A number of alternatives have been proposed for reducing the cost of subsea control. Components under development to facilitate these evolving systems are described and a number of possible configurations outlined. Cost comparisons are presented which indicate that the most effective lower cost approach is a minimum umbilical system in which remote power supply and seawater hydraulics are connected to the surface with fibre optic and chemical supply links.


Current electrohydraulic subsea control systems function well and have few technical restrictions as step out distance or water depth increases. The' incentive for considering alternatives is largely cost reduction. Although some reduction in functional capability may be accepted if cost savings are of sufficient magnitude, most alternatives will be judged on their ability to meet established performance standards.

The largest single cost component of most subsea control systems is the umbilical. Substantial work has been done on autonomous systems to eliminate the umbilical. While perhaps a most worthy target, it is also a very ambitious one. While the entirely autonomous system may be technically feasible for offsets up to about 15 km, available technology limits the cost effective application of autonomous systems to small developments not requiring significant chemicals for treatment of producedfluids. In the very long run, these limitations may be overcome but for the near future somewhat lessambitious systems will provide substantial cost reduction while incurring much less technical risk.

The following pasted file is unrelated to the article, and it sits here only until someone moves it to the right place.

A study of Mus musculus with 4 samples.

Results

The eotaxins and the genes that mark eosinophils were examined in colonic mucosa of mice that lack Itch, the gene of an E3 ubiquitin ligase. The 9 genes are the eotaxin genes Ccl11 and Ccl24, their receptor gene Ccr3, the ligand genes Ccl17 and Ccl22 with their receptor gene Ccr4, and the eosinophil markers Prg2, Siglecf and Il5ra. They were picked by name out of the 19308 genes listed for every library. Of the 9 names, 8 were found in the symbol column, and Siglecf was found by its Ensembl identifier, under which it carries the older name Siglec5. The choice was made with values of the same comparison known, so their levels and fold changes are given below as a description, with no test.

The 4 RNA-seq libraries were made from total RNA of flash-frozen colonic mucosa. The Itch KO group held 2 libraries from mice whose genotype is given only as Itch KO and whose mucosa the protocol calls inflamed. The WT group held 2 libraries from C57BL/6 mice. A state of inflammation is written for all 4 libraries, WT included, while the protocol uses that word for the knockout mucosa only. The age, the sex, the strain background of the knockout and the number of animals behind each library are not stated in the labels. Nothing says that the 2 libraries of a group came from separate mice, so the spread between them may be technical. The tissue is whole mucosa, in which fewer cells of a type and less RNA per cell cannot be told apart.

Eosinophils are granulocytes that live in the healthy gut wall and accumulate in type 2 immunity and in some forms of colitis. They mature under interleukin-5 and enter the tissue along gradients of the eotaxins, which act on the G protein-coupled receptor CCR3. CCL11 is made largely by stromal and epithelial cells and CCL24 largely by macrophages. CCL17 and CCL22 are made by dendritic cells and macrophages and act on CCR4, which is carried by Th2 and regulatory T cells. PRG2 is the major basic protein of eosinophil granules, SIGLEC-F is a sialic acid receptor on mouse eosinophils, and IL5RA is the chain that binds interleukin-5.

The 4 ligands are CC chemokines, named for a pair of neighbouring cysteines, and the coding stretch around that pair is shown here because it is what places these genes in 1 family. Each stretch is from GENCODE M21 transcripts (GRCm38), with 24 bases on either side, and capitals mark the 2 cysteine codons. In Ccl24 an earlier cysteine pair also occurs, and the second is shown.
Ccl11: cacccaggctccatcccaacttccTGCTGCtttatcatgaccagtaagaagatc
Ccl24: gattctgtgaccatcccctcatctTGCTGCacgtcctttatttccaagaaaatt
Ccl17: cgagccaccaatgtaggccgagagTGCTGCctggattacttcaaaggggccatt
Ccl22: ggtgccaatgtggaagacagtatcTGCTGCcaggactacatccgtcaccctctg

This paper examines the problems which must be addressed with lower cost subsea control systems and evolving solutions to those problems.


More efficient electronics and electro-mechanical components, and improved subsea mateable electrical connectors have facilitated a long term decrease in the power which must be delivered by subsea systems. In an electrohydraulic system, power to actuate components is conveyed hydraulically and, with resupply from the surface, only a very modest amount of power need be stored subsea. The power requirements for a lower cost system could vary widely depending on the approach selected. On one end of the spectrum is a closed loop, acoustically linked, control system powered by a passive thermoelectric device. This approach is attractive in that the hydraulic portion of the system can be conventional, requiring only attention to avoid hydraulic fluid losses. The power supply, while not without limitations, is a mechanically passive, and hence inherently reliable, component. The limiting factor in this approach is the geometry of the power supply. A continuous power supply of 100 W seems reasonable but does require the balance of the system to be efficient. It may also be necessary to store more energy for restart purposes since the charge rate is low.

At the other end of the spectrum are power supplies driven by produced or injected fluids. Figure 1 illustrates a gas expander unit, designed by Hayward Tyler 1for Mobil, and currently being tested by British Gas. This is a 15 kW supply. With substantial power available, the control system designer has additional options. Open hydraulic systems operating on raw seawater can beconsidered.